Chiropractic Neurology: Breakthrough Treatment or Placebo?
Ted Carrick says his therapy re-activates pathways in the brain.
Aug. 17, 2012— -- Will Arlen has a traumatic brain injury and is so sensitive to light that he wears sunglasses all the time.
The 17-year-old describes his migraines as like a knife stabbing his brain. His short term memory is shot. He can barely stand up on his own or move his left arm.
The teenager from Exeter, N.H., said his symptoms developed after an illegal hit during a lacrosse game gave him a concussion so severe that it sent him into an 8-month downward spiral. His father, Larry Arlen, said his son used to be an active, outgoing, straight-A student, but they have had to pull him out of school because of his condition.
Will, however, believes Ted Carrick, a chiropractor who specializes in the brain, holds the key to a miraculous cure for his condition.
Carrick, who has 28 clinics worldwide and sees patients all over the world, practices a therapy he calls chiropractic neurology, a treatment he has been perfecting for 33 years. He rarely grants interviews, but allowed "Nightline" to be the first American television network to watch the treatment unfold at his clinic at Life University in Marietta, Ga.
He said his treatment involves re-activating pathways in the brain, what scientific circles refer to as neuro-plasticity, by simulating other parts of the body. He is considered the main architect of chiropractic neuology because he pioneered several of the methods used, in part by combining treatments that already exist, as well as developing new treatments.
On average, a week-long therapy costs about $5,000. But Carrick doesn't turn away patients who can't afford to pay.
"We're in the service of humankind, above self," he said.
When hockey superstar Sidney Crosby suffered serious concussions, he praised Carrick for saving his career. But the doctor wouldn't go so far as to say his treatment is a "miracle cure."
"I think miracles are things that happen once in a while," he said. "What we find is that the miracles that we see, we're seeing them frequently, every day so they're not really miracles. What we do is amazing because of what humankind can do."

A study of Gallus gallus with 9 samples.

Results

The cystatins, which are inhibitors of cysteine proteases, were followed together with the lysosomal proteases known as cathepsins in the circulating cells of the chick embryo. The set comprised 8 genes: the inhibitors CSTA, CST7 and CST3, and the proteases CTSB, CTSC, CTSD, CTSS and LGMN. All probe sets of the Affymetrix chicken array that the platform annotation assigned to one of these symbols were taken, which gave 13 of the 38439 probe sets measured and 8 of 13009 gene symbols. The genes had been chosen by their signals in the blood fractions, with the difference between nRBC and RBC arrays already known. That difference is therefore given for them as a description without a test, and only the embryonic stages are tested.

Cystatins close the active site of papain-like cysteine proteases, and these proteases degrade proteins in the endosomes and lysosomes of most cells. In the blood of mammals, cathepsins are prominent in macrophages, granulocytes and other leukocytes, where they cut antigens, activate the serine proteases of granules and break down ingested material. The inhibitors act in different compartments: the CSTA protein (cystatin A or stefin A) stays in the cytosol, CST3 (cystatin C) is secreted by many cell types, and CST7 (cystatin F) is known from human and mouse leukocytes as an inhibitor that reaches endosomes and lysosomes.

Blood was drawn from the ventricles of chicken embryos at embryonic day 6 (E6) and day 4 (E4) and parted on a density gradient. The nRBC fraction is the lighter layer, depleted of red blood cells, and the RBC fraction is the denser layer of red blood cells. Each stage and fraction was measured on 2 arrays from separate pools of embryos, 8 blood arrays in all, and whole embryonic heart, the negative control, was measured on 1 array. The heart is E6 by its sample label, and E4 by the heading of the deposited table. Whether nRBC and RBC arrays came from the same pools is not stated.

When Carrick worked with Arlen, he placed him in front of a full-length mirror, and had him do exercises that would trick his mind's eye with a mirror image to re-program his brain. It may seem far-fetched, but the results for Arlen were immediate and he could lift his left arm without help.
Carrick's secret weapon is called the GyroStim, a machine that looks like it belongs to NASA. The patient is strapped into a chair that spins on a double axis, which Carrick said helps stimulate parts of the brain that may be damaged.
When Arlen went inside, he said he feels better. "One thing I've noticed is that my breathing feels like it's not as shallow anymore, that's the one thing I noticed before," he said.
Most of Carrick's patients are referred to him by doctors, but his results are often dismissed as a placebo effect, meaning the patients feel better because they believe in his cure. But the doctor denies that's the case.
"If it was placebo, we're doing a pretty darn good job of it," he said. "What we do is that we do things other people do. We don't do anything that is really original in our work. We just combine things that other people have done in a different fashion."
Another patient, Stacey Hubbard, traveled more than 900 miles from Hesston, Kan., to Carrick's clinic to find out why she can't walk more than a few steps without stumbling.
"I'm not myself, I'm a dizzy, unbalanced mess," she said.
A hands-on mother of two, Hubbard said she's barely gotten out of bed for 10 weeks.
"I haven't driven, I haven't been to the grocery store, I haven't left my bedroom," she said. "I had to rely on family and friends, my kids' friends to pick them up and take them to places."